Habitual Offenders: THE LAW:
If you have any of the following combination of drunk or drugged driving convictions, the law indicates that you are a Habitual Offender:
- Two or more convictions within 7 years.
- Three or more convictions within 10 years.
The Secretary of State is required to revoke the driver license of a Habitual Offender and deny his or her application for another license.
After the minimum period of revocation/denial, a Habitual Offender may be eligible for a driver license appeal hearing. If a restricted license is ordered, the hearing officer must require that the Habitual Offender install a Breath Alcohol Ignition Interlock Device [BAIID] on any vehicle he or she owns or intends to operate. The person cannot drive until the BAIID is properly installed and proof of installation is presented to a local Secretary of State branch office.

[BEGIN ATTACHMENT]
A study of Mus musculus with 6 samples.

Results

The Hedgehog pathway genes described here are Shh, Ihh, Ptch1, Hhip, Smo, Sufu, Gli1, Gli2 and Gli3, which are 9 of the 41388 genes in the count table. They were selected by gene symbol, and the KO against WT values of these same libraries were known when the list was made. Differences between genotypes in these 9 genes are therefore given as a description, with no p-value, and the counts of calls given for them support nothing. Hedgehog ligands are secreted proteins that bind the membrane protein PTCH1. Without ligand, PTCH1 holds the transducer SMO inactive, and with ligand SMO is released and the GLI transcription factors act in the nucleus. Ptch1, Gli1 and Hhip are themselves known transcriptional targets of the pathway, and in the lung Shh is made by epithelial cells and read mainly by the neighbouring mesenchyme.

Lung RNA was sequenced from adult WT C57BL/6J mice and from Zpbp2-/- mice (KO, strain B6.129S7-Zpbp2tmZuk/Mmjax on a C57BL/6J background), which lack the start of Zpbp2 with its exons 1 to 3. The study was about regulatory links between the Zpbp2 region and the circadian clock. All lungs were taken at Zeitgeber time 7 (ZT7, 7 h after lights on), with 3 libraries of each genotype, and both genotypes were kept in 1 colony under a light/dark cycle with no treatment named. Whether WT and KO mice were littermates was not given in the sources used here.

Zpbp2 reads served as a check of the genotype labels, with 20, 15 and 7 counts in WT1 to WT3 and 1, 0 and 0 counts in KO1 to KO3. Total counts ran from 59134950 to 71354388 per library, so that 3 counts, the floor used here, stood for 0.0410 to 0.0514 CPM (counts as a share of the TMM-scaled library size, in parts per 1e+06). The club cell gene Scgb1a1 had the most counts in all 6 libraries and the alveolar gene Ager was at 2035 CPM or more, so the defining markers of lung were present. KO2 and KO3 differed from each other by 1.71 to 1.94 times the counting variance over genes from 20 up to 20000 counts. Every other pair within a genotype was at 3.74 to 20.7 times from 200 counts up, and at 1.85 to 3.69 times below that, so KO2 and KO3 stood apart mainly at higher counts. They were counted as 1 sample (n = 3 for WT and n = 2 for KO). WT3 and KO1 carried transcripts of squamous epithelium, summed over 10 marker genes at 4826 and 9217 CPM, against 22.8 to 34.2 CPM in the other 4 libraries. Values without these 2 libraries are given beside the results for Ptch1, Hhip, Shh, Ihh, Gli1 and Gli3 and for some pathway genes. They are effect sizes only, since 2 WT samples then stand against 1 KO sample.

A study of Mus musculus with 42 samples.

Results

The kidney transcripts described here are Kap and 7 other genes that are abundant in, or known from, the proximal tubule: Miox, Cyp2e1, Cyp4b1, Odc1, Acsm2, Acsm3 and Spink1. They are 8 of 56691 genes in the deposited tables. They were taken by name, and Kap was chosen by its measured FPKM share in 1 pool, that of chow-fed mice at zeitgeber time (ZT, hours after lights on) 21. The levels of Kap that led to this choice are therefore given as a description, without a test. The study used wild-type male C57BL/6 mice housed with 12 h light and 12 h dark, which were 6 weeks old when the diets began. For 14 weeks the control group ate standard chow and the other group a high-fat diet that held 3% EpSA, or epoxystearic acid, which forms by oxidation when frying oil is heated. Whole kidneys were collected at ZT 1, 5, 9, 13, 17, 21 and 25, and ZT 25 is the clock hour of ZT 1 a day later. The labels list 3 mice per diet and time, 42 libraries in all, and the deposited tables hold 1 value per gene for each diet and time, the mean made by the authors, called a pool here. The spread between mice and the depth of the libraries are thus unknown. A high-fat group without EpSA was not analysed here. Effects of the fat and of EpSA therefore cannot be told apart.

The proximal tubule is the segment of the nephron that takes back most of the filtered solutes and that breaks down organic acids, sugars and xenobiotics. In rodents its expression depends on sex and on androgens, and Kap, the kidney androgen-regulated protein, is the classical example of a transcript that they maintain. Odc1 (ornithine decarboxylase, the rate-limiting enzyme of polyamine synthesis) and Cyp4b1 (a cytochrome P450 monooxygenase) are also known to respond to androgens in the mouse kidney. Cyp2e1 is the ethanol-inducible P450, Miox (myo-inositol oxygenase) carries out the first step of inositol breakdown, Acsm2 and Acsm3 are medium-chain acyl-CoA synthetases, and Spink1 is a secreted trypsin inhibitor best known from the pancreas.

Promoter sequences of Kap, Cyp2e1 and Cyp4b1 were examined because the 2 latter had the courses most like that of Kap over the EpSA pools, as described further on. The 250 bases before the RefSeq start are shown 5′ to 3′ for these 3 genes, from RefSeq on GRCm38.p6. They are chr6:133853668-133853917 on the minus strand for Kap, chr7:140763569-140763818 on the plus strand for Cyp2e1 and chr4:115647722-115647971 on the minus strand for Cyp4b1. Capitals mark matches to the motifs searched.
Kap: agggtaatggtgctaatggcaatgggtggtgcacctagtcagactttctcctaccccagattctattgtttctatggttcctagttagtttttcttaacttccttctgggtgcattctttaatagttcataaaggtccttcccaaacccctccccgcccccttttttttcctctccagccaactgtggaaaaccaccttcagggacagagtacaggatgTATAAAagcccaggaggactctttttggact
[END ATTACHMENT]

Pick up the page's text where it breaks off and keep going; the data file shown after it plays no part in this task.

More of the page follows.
Beginning October 31, 2010, anyone with a restricted license that requires a BAIID must continue to drive with the device until the Secretary of State authorizes him or her to remove it.
HOW IT WORKS:
A BAIID is a breath alcohol analyzer, with computer logic and an internal memory. It connects with a motor vehicle’s ignition and other control systems. The BAIID measures the driver’s bodily alcohol content [BAC], and keeps the vehicle from starting if the BAC is .025 or higher. The device will also ask for random retests while the person is driving [rolling retests].
If the BAIID records 3 start-up test failures in a monitoring period, or 1 rolling retest failure, or if it detects tampering, the vehicle must be taken to a service center immediately. If that service is not done, the BAIID will go into a “lock-out” mode, and the vehicle cannot be operated.
Test failures, tampering, or other BAIID-related violations will result in an extension of the time before the driver can ask for another driver license appeal hearing, or may require that the original license revocation/denial be reinstated.